Velodyne includes two cables: one with an Apple-style, three-button remote/mic module, and one without. Both versions terminate in a 3.5mm, L-shaped connector; you also get a 3.5mm-to-1/4-inch adapter. Both cables use a split design, plugging into both earpieces—a one-sided design would have been more convenient. That inline remote is a step backward from the one on the vPulse, as the vTrue's buttons are small and almost flush with the surface of the remote, making them difficult to press. The package also includes a small drawstring carrying bag, but getting the headphones in and out of it can be difficult.
In my testing, the headband's size-adjustment mechanism felt a little loose. The earpieces are sufficiently heavy that they can accidentally slide down, giving you a larger fit. On the other hand, the vTrue's relatively strong clamping pressure made the headphones feel a bit tight over longer listening sessions, though this may not be an issue for listeners with average-size heads. Overall, the vTrue's ergonomics are quite good, considering the weight involved.
The vTrue's audio balance is similar to the vPulse's: Bass is aggressive, but clean, detailed, and mostly well-behaved. Despite being the star of the show, it generally doesn't dominate midrange and treble frequencies. Performance in those parts of the spectrum is good, though not at the same level as with V-Moda's M-100. For example, the vTrue's sound gets a little crowded on certain recordings, where the M-100 clearly separates individual sounds and preserves instrumental textures. High frequencies are also a little more restrained than I would like.
But these are minor criticisms relative to the vPulse's overall performance, which is ultimately very satisfying. And the vTrue, like the vPulse, offers a propulsive sound that makes music exciting and vibrant. (It's worth noting that, as with many higher-end headphones, sound quality on the vTrue suffers somewhat when the headphones are used with the weak headphone jacks on portable devices. Specifically, bass is looser and mids and highs sound more distant than they do when you use the vTrue with higher-end sources.)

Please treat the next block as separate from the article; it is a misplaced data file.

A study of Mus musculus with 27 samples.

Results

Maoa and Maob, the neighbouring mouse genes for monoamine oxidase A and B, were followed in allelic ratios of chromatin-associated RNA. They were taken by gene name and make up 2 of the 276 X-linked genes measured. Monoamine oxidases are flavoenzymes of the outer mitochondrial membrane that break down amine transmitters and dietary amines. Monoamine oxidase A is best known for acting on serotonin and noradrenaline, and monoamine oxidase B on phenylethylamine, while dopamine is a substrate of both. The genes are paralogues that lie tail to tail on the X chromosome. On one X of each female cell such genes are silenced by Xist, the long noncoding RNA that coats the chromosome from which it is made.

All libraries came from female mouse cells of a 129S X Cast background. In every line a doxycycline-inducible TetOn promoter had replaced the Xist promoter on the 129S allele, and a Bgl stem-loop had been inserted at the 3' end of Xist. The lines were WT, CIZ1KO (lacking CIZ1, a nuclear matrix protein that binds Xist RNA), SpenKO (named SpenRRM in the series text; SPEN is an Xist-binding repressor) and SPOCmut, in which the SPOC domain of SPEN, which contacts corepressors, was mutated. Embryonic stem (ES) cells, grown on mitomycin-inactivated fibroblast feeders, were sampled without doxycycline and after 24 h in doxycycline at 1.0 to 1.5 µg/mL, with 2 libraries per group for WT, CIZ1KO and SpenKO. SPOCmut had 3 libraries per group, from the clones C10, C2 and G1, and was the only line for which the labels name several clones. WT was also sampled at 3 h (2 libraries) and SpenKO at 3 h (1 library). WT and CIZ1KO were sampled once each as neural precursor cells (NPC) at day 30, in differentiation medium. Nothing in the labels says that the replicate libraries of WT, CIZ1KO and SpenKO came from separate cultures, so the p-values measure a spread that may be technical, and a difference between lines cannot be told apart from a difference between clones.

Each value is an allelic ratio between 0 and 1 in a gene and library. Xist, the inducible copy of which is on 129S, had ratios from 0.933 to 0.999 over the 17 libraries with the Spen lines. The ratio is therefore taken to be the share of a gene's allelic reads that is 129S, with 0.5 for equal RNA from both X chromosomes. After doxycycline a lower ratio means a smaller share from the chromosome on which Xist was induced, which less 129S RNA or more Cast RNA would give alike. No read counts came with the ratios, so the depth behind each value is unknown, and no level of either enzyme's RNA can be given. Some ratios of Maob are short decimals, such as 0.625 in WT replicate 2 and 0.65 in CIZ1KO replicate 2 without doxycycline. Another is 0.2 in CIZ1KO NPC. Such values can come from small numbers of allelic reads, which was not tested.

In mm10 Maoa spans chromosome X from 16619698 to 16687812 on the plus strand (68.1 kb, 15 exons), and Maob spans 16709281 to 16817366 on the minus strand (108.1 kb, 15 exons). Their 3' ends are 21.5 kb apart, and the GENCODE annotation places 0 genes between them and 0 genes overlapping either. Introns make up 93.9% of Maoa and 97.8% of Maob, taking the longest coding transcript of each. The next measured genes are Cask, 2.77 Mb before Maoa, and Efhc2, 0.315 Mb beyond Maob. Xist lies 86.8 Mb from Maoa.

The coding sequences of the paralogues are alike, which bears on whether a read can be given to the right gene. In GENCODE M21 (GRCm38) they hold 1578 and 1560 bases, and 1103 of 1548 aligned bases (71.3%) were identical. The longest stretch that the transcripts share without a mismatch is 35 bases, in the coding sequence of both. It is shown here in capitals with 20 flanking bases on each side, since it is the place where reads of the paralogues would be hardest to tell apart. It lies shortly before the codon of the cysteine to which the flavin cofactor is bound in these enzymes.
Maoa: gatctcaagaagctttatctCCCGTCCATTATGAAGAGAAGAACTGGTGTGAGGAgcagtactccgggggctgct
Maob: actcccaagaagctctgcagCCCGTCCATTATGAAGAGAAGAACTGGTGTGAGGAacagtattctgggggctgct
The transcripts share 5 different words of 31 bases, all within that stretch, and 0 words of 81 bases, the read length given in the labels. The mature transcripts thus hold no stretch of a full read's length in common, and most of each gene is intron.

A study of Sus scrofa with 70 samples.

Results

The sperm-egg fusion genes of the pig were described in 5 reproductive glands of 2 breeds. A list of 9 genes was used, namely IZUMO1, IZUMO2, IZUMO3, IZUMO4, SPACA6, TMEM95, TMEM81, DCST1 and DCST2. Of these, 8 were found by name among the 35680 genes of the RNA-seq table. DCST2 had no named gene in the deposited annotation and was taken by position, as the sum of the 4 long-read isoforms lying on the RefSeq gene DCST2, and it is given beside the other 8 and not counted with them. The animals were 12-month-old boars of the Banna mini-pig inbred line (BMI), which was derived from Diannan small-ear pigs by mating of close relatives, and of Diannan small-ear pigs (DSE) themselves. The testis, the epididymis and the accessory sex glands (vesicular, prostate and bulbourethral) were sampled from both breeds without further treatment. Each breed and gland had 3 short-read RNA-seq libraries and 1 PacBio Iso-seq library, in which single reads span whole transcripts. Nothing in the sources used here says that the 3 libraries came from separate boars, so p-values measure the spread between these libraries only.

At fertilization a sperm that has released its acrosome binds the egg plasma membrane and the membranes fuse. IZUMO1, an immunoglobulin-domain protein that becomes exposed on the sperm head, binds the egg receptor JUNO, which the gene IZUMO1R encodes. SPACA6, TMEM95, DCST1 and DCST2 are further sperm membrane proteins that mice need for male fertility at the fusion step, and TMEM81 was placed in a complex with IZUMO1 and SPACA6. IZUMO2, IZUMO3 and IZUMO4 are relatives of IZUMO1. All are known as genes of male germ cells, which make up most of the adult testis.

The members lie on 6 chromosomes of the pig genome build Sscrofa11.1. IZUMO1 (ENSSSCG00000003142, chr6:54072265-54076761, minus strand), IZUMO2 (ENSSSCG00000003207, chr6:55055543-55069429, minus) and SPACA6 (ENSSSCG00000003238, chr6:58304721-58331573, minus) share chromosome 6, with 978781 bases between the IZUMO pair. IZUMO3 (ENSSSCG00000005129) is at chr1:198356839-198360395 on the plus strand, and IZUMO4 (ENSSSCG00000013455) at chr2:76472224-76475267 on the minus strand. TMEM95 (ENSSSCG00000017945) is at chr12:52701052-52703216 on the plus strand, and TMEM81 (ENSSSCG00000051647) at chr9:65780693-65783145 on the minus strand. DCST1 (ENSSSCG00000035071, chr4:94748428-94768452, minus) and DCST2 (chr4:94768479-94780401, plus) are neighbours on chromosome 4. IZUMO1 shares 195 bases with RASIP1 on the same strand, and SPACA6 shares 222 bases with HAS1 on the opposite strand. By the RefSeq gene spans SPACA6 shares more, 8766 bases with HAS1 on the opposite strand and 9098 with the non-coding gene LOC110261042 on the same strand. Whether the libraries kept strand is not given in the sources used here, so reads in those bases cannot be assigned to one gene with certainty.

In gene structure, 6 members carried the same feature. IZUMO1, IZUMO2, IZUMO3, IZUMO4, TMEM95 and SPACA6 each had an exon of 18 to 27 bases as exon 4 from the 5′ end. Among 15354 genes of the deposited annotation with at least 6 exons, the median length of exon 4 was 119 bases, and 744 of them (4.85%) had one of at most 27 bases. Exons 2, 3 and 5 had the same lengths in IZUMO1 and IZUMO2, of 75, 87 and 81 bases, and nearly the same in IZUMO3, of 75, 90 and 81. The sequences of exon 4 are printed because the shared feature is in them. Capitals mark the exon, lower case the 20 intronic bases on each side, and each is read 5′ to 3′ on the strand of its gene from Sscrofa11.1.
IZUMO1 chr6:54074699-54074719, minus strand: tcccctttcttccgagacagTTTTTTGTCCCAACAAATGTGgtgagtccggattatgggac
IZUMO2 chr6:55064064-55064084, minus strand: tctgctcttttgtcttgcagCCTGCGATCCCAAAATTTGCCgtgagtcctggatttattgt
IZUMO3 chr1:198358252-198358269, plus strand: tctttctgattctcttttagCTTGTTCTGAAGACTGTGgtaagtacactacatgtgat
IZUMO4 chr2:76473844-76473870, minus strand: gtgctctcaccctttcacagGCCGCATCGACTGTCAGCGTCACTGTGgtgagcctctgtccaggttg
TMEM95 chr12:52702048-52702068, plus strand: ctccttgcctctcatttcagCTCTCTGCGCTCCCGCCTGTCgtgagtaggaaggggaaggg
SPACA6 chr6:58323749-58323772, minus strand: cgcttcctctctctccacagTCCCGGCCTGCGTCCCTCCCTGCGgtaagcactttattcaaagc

Given that the vTrue is the most expensive model here, I'd like better midrange and high-frequency performance, but the vTrue does bass like no other headphones I've used, while still managing to be very good across those other frequencies—all in a striking, beautiful design.
It's a sign of the times that higher-end headphones like the ones reviewed here now include an inline remote and microphone: Even people who demand great sound can appreciate the utility and practicality of such features. However, I've found that inline microphones are often an afterthought, offering mediocre performance at best.
I tested the microphones included on these models to determine whether they're amenable to the task of taking phone calls and handling voice-memo duties. I used Apple's EarPods, which has a surprisingly good inline mic, as a benchmark. I found that all four models' microphones were quieter than the EarPods's mic, and though they varied in clarity, none matched the EarPod mic's full-bodied, natural sound. The Momentum's microphone sounded the best, followed by K551's. The vTrue's mic sounds a bit muffled, the M-100's microphone even more so. Still, all are acceptable for their purpose.